Reopening colleges and universities for in-person instruction has been linked to tens of thousands of additional cases of Covid-19, according to a draft study released Tuesday.
For the study, which was published preprint on medRxiv and has not yet been peer reviewed, researchers from the University of North Carolina-Greensboro, Indiana University, and the University of Washington and Davidson College examined whether the reopening of 1,400 U.S. colleges and universities affected rates of Covid-19, the disease caused by the new coronavirus, in the surrounding counties.
To determine the impact, the researchers examined cellphone GPS tracking data, county-level Covid-19 data, and campus reopening schedules from July 15 to Sept. 13, which is before and after students returned to their schools. The researchers focused their study on how colleges and universities implemented classes and not on student behavior.
The researchers found the reopening of colleges and universities for in-person instruction correlated with an increase in new cases of Covid-19, ranging from a minimum of nearly 1,100 extra cases per day to a maximum of 5,300 extra cases per day. The researchers estimated 3,200 additional Covid-19 cases per day—or 2.4 cases per 100,000 residents a day—as the midpoint range for the projected daily increase in infections.
The researchers found reopening one university alone for in-person instruction led to an additional 1.7 new cases per day per 100,000 residents in a county. However, the researchers said they found "[n]o such increase … in counties with no colleges, closed colleges or those that opened primarily online."
According to the Journal, the researchers found a slight uptick in new Covid-19 cases in communities where students moved near their college campuses but took their classes online. When the researchers factored in whether students had traveled from places with high disease incidence rates, they found neighboring counties added 1.2 coronavirus cases per day per 100,000 residents, Kaiser Health News (KHN) reports.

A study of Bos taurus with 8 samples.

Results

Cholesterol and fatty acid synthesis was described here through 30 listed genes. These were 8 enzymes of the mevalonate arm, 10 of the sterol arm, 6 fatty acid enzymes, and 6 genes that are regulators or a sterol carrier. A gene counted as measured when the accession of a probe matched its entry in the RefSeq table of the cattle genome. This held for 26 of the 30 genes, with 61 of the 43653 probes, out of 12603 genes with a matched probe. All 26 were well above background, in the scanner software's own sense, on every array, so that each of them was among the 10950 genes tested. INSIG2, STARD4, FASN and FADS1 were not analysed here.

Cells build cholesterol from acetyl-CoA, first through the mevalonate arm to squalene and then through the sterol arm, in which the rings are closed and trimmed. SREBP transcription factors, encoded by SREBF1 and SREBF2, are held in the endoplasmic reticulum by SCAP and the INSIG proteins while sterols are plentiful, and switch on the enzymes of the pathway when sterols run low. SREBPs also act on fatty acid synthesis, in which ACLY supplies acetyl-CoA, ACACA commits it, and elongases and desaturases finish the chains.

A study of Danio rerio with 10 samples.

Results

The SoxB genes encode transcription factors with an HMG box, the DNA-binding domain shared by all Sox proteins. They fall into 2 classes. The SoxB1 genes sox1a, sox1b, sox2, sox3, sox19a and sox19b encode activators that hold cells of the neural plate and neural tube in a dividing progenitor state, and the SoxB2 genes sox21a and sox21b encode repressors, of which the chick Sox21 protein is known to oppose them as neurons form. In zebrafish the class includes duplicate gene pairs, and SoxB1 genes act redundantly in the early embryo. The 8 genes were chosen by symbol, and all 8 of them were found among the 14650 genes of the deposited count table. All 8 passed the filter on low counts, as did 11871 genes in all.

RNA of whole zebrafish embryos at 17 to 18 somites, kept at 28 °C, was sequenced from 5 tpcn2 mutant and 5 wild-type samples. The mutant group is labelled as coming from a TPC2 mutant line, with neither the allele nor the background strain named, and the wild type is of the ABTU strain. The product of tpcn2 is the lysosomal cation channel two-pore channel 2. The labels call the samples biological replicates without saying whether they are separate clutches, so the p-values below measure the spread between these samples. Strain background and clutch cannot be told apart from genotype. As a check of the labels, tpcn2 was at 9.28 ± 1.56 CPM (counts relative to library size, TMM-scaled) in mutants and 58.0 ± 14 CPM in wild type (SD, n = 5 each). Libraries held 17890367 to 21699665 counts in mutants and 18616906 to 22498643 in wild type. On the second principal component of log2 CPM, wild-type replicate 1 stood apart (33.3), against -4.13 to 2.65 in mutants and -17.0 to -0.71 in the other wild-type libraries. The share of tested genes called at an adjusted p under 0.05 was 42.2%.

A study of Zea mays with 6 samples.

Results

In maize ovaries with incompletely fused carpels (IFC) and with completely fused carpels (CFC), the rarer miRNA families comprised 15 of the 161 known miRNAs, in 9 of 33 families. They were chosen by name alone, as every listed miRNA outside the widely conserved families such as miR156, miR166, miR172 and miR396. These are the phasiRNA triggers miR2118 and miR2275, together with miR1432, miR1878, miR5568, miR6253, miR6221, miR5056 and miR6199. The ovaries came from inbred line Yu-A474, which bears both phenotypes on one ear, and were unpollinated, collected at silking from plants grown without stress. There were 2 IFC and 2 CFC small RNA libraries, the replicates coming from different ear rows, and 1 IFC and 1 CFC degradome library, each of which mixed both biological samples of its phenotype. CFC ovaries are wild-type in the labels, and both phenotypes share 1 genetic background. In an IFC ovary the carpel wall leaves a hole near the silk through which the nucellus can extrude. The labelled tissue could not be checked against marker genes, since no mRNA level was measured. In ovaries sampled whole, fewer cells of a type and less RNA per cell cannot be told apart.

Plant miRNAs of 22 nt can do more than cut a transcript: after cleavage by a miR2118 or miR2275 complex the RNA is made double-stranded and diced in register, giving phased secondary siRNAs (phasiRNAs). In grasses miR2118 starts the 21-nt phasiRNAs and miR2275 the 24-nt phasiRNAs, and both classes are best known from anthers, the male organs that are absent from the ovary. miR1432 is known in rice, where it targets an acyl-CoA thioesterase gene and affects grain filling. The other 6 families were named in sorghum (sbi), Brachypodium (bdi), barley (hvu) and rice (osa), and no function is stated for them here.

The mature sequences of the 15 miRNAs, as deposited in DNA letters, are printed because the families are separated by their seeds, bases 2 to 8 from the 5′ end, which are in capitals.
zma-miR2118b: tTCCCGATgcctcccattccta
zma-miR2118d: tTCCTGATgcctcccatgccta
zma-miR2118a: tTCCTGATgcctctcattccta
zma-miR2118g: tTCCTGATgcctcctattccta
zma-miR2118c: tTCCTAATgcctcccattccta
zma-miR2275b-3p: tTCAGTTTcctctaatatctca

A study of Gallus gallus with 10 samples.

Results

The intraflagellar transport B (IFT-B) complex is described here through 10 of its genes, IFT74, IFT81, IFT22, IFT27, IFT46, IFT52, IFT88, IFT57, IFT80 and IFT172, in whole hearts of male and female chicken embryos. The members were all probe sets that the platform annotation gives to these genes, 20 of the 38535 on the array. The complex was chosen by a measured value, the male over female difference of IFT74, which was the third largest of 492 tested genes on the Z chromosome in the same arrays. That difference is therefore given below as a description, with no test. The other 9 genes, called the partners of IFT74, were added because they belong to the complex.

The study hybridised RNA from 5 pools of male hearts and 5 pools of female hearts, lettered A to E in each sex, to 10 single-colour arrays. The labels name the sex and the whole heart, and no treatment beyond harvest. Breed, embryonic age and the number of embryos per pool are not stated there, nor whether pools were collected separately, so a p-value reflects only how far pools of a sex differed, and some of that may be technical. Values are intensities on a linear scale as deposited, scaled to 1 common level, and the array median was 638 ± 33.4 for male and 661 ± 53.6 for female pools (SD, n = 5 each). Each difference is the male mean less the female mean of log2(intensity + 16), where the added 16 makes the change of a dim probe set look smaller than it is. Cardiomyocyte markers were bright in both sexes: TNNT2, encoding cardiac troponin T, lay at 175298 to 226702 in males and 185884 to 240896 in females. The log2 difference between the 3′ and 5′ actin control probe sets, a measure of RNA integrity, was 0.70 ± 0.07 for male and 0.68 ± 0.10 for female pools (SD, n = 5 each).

Ana Bento—an assistant professor of infectious diseases at Indiana University, who co-authored the study—noted that, "[w]hile this study estimates around a 3,000 increase in daily cases, we have to take into account that this is actually likely an underestimate, because we still don't see" people with Covid-19 who are asymptomatic.
Some observers applauded the study, but others said it left many unanswered questions.
For example, the study did not determine whether cases spiked mainly as a result of students catching Covid-19 when they arrived at their campuses or if they were already unknowingly infected upon their return, KHN reports.
In addition, Jason Christie, a pulmonologist and epidemiologist at the University of Pennsylvania's Perelman School of Medicine, said the study may have missed some of the other underlying factors driving up infections rates, including trends unrelated to the reopening of college and university campuses.
Bento acknowledged some of the uptick in cases could be potentially attributed to increase in coronavirus testing in counties where students returned to campus for in-person instruction. However, in such an event, Bento said the researchers would have likely seen a quick rise in infections and then either a plateau or decline, instead of an increase two weeks after schools reopened and a continued surge.
Bento added that it would be "slightly unfair" to assume that cases spiked because students did not follow social distancing guidelines or engaged in other "bad behaviors."
Bento said, "I think it's more this idea of when you see a huge influx from all over the country, or from different counties, into a college town that we know had a very low burden of Covid throughout the first months, all of a sudden we have this increased probability of infection, because we have a large community of individuals that were susceptible still."
As colleges and universities prepare for the spring semester, Bento recommended administrators consider a variety of instructional approaches.
"In order for you to open online, hybrid or meet face to face, there needs to be a different combination of strategies that allows you to catch [cases] early so you're able to control community spread, which is the biggest problem here," Bento said (McAuliff, Kaiser Health News, 9/23; Korn/Abbott, Wall Street Journal, 9/22; Budryk, The Hill, 9/22).